Concrete has a history extending back at least 2,000 years. Rome has been called the Eternal City, but it wouldn’t have lasted long without concrete. It’s the reason why the Coliseum and the Pantheon are still largely intact, not to mention thousands of miles of Roman roads.
When Centre Point was Grade II listed in 1995, it joined a family of remarkable buildings and structures – from telephone boxes to tube stations – that tell the story of how central London has developed. Here is a quick guided tour.
In late 2011, I interviewed Dr Wilem Frischmann, the engineer responsible for making Centre Point a reality. The story behind the building’s construction is remarkable in many ways, not least when it came to laying the foundations – a process in which Dr Frischmann took a close personal interest, which almost proved his downfall.
This is the second part of our conversation – you can read the first part here.
The three-metre neon letters at the top of Centre Point must constitute one of the most frequently read pieces of text in London, visible day and night for miles around.
We asked typographer Bruno Maag of Dalton Maag to examine the lettering from a professional point of view. Here, he gives us his thinking on the choice of type and what it adds to the building.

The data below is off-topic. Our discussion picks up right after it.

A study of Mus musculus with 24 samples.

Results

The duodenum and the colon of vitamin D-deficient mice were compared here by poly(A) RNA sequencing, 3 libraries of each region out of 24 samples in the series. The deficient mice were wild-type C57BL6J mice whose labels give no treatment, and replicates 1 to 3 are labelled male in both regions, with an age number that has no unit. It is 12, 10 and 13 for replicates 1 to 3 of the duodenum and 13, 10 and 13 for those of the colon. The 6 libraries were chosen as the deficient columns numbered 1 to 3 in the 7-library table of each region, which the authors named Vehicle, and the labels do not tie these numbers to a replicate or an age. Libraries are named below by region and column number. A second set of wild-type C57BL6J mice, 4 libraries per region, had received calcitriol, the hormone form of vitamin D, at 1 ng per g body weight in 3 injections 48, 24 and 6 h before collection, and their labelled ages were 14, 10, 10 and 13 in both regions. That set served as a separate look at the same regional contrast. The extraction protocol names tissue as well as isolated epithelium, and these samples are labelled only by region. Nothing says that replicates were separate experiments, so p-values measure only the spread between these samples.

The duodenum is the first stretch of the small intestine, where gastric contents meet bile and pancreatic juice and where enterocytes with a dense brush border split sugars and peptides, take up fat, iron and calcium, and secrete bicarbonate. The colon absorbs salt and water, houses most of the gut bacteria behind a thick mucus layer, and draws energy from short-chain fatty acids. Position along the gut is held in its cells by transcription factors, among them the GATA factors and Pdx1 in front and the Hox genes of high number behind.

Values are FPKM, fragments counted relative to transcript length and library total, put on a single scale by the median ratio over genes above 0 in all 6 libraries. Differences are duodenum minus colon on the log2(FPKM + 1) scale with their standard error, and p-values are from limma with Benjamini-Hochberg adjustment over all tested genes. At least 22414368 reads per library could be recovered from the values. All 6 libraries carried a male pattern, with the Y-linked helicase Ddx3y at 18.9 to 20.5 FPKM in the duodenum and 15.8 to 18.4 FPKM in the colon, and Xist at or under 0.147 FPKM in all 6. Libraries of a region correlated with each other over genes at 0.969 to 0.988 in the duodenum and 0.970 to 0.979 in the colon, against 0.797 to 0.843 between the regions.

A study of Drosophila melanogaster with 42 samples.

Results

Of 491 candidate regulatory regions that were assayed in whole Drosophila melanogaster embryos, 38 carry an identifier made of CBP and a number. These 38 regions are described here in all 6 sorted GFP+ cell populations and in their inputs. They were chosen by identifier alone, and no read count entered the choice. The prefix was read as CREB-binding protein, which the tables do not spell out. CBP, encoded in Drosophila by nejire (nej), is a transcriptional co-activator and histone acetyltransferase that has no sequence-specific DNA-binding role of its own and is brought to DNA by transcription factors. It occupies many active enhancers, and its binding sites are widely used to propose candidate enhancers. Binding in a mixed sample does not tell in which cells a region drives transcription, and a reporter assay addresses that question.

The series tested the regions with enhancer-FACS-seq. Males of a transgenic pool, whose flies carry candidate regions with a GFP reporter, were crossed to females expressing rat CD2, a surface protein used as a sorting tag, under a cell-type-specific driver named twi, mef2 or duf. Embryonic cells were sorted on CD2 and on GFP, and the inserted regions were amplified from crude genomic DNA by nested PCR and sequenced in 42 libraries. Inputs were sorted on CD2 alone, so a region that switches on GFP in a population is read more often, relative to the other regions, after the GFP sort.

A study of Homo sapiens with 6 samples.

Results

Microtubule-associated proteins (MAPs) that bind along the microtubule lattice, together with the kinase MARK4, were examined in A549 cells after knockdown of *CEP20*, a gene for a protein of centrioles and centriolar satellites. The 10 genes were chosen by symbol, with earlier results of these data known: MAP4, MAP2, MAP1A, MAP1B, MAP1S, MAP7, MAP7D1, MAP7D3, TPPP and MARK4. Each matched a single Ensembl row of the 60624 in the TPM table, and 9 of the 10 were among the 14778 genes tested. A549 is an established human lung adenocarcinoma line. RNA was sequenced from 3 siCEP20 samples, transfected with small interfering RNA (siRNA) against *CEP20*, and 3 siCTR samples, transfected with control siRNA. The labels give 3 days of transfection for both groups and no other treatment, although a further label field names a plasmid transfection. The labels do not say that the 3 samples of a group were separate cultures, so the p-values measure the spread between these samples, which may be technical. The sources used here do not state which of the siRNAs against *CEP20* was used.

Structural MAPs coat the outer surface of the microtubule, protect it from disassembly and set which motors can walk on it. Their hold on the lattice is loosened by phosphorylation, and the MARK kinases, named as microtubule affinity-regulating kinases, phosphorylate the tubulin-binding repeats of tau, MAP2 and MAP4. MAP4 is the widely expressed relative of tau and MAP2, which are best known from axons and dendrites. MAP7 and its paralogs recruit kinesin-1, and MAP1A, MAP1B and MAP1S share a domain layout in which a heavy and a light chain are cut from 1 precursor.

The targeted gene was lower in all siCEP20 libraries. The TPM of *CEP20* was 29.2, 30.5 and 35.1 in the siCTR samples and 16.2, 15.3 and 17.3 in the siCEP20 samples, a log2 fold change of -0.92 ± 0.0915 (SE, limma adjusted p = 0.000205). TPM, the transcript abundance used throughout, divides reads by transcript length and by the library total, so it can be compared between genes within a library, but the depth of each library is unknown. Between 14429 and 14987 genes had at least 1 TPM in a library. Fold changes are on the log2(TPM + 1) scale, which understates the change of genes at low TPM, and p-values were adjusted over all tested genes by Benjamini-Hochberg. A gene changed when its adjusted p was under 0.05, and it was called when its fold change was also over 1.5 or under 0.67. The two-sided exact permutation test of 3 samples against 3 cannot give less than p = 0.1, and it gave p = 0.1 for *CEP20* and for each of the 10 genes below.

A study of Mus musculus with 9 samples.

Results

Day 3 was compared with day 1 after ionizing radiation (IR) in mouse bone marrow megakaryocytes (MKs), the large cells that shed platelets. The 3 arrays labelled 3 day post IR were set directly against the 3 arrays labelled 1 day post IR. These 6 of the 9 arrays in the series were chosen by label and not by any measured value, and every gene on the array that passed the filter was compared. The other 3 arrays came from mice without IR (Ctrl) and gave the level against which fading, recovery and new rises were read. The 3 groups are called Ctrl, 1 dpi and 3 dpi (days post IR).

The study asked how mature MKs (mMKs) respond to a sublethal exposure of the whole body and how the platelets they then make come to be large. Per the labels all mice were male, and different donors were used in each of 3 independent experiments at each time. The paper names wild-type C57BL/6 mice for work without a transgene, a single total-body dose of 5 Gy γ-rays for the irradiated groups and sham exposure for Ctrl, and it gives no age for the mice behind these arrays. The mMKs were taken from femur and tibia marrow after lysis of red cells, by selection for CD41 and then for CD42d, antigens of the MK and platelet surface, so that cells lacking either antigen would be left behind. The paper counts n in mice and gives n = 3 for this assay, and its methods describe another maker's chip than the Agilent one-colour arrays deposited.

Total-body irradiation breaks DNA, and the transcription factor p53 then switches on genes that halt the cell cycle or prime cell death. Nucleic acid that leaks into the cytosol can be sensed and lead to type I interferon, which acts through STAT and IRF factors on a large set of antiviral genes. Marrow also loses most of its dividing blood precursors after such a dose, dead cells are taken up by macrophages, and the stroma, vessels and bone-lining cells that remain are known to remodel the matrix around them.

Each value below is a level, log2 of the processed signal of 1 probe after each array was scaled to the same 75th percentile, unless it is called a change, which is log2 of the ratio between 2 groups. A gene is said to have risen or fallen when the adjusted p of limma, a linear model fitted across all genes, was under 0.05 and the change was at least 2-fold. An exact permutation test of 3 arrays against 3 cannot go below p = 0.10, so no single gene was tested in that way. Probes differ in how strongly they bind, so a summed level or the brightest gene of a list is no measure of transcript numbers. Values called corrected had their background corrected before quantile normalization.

In late 2011, I interviewed Dr Wilem Frischmann, the engineer behind the construction of Centre Point. (For fans of Britpop trivia, he is also the father of Justine Frischmann, former lead singer in Elastica.)
If you don’t know Richard Seifert, the architect behind Centre Point, the chances are you know some of his buildings. Over the course of a distinguished career, he designed more buildings in London than Sir Christopher Wren. Here are a few of them.
It’s a strange irony that Centre Point – one of the biggest and most talked-about developments of its time – is the work of an unusually private man who has always gone to great lengths to maintain a low profile.
He’s been called ‘an awe-inspiring figure in the world of commercial development’ and his legacy has been compared to that of Sir Christopher Wren. Yet Colonel Richard Seifert, the architect behind Centre Point, has never exactly been a household name.
Think of Centre Point and you naturally think of the tower itself. But there is more to the building than that. Walk down New Oxford Street and you'll see a broad glazed bridge connecting the main tower with another substantial building on the other side of Andrew Borde Street: Centre Point House.